Objectives To report cerebral blood flow changes during attacks of hemiplegic migraine with prolonged aura (HMPA) longer than 24 h in patients with familial hemiplegic migraine (FHM) with a novel gene mutation.
Methods The authors performed serial neuroimaging studies during acute stage and after recovery of aura symptoms in eight HMPA attacks in two affected individuals of the Japanese family of FHM during a 10-year-observational period. The authors also performed a mutational analysis for all exons of the CACNA1A, ATP1A2 and SCN1A genes in three individuals of this family.
Results Each patient had an individual ‘predominantly affected hemisphere,’ that is, susceptible to hemiplegia during an HMPA attack. Migraine aura lasted 4 to 12 days. Neuroimaging studies performed on days 1 to 4 showed hyperperfusion in the affected hemisphere contralateral to hemiplegia in five attacks, hypoperfusion in three, middle cerebral artery vasodilation in five and augmented vasogenic leakage with cortical oedema in one. Hyperperfusion developed more frequently than hypoperfusion in the ‘predominantly affected hemisphere,’ whereas only hypoperfusion developed in the ‘non-predominantly affected hemisphere.’ All changes were fully reversible. The authors identified a novel heterozygous p.H916L mutation in the ATP1A2 gene in all three individuals.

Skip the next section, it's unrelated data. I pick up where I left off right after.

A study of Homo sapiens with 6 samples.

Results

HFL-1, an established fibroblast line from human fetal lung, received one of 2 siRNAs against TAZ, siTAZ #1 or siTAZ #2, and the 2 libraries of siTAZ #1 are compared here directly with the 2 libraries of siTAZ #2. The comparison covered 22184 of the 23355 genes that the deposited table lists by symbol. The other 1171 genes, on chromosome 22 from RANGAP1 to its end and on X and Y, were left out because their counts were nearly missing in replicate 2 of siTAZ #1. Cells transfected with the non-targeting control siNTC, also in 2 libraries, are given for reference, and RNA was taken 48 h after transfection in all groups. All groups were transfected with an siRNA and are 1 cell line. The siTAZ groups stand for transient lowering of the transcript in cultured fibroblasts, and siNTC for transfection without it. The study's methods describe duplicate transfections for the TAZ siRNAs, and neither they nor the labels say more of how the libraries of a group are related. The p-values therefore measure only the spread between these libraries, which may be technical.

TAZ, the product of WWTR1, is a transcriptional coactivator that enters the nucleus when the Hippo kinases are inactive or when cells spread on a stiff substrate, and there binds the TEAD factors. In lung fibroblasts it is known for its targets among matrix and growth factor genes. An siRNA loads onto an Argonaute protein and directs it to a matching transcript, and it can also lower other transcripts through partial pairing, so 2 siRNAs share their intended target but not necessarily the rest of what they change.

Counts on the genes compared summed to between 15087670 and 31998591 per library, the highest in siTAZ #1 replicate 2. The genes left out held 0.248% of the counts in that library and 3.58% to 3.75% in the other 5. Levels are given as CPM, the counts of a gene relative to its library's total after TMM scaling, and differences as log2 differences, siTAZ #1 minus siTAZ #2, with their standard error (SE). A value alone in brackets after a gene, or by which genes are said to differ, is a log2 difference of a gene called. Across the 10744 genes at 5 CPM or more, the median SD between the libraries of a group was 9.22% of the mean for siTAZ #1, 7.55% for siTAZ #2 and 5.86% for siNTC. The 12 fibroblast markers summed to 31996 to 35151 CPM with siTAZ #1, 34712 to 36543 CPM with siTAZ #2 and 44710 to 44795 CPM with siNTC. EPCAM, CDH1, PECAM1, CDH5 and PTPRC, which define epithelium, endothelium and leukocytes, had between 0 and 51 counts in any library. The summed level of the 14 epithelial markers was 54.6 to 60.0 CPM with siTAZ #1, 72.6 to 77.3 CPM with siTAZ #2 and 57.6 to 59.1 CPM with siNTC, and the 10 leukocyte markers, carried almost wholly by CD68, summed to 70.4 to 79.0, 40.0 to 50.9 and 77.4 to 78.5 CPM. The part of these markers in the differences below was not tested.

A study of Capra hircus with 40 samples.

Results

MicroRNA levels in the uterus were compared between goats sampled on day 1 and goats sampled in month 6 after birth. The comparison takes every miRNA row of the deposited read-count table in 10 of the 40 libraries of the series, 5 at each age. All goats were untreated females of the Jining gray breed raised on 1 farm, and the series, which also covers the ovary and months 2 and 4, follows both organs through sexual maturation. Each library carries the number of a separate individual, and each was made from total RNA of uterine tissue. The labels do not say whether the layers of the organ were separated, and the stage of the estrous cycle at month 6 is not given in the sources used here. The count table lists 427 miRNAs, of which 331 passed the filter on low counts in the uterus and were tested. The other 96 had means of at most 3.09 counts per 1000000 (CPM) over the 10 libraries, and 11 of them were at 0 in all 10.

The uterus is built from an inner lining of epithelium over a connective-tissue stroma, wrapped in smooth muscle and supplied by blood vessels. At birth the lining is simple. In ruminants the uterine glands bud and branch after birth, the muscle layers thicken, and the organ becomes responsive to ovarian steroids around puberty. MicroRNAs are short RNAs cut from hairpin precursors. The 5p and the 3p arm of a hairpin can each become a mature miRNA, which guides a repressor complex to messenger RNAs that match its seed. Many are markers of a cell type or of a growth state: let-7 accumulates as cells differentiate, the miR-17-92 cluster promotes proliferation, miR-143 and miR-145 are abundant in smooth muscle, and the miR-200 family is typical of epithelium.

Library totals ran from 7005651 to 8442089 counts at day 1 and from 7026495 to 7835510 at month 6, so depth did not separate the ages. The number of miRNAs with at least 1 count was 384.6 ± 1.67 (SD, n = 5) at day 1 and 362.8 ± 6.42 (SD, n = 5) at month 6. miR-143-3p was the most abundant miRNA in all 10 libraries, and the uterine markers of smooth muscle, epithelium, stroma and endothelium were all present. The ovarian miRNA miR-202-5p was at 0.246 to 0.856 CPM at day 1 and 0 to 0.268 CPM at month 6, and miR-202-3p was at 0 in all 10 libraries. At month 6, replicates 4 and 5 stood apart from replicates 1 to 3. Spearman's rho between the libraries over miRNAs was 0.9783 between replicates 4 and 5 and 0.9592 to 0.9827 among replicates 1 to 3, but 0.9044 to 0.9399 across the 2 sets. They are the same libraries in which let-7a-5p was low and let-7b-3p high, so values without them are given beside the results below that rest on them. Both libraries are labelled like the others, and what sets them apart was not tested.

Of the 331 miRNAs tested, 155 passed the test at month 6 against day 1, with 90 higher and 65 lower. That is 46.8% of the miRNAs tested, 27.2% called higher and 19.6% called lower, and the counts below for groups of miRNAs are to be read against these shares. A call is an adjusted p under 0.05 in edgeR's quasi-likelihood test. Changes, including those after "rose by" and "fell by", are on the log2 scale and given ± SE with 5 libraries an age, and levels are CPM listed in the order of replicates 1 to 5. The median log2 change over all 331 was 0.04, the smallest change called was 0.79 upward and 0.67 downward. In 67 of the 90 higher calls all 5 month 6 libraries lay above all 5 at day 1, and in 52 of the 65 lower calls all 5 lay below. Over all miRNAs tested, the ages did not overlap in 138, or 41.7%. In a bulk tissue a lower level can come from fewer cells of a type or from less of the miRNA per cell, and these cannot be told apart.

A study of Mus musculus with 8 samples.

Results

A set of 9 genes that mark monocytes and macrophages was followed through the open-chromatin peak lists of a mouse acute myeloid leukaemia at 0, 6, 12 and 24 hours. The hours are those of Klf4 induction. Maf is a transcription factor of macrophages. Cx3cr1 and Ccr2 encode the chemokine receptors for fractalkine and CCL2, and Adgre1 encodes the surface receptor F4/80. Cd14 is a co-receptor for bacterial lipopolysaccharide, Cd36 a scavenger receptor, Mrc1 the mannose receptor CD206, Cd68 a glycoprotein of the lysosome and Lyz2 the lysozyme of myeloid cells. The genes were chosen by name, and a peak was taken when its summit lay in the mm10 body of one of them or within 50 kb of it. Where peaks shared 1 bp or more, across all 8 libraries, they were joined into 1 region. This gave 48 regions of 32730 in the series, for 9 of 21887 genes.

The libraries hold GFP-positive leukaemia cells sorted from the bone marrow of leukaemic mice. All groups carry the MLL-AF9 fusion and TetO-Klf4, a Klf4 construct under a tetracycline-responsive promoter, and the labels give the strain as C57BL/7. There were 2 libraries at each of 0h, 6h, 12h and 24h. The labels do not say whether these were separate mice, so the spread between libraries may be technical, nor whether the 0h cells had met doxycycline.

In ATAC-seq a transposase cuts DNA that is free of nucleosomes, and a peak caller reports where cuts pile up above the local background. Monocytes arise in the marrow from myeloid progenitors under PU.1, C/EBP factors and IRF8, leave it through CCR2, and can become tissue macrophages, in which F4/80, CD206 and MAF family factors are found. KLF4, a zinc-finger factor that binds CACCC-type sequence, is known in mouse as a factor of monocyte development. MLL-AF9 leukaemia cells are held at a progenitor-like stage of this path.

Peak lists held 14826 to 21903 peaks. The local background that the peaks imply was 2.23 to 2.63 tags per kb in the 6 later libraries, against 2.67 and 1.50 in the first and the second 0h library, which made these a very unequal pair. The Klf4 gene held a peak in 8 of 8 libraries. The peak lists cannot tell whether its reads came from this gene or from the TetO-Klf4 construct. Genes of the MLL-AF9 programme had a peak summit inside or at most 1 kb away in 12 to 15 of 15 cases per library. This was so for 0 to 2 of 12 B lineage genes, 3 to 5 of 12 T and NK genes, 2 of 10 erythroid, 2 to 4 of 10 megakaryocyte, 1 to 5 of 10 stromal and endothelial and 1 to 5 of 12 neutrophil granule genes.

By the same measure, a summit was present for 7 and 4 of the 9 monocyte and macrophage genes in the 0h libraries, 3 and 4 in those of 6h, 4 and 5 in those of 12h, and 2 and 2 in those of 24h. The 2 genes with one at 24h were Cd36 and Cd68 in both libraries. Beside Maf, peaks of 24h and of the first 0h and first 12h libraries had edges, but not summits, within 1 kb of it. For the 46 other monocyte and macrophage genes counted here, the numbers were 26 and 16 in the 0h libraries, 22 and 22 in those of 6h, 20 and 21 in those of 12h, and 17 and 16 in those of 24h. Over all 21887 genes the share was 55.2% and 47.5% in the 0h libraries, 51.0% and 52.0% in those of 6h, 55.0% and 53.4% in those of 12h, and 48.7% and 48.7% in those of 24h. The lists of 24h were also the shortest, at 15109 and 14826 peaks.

Conclusions Although the perfusion state could be different depending on the time course of migraine or the timing of scans in relation to cortical spreading depression, prolonged aura symptoms in this family were frequently associated with hyperperfusion and middle cerebral artery vasodilation. Hyperperfusion tended to occur in the ‘predominantly affected hemisphere,’ but the mechanism of HMPA awaits further investigations on additional cases of FHM2.
- Familial hemiplegic migraine
- prolonged aura
- cerebrovascular Circulation
- ATP1A2 gene
- mitochondrial disorders
Statistics from Altmetric.com
If you wish to reuse any or all of this article please use the link below which will take you to the Copyright Clearance Center’s RightsLink service. You will be able to get a quick price and instant permission to reuse the content in many different ways.
Funding This study was supported in part by a grant from Research on Psychiatric and Neurological Diseases and Mental Health (H20-KOKORO-020).
Competing interests None.
Patient consent Obtained.
Ethics approval Ethics approval for this genetic study was provided by the institutional review board in both Kitasato University and the University of Tokyo.
Provenance and peer review Not commissioned; externally peer reviewed.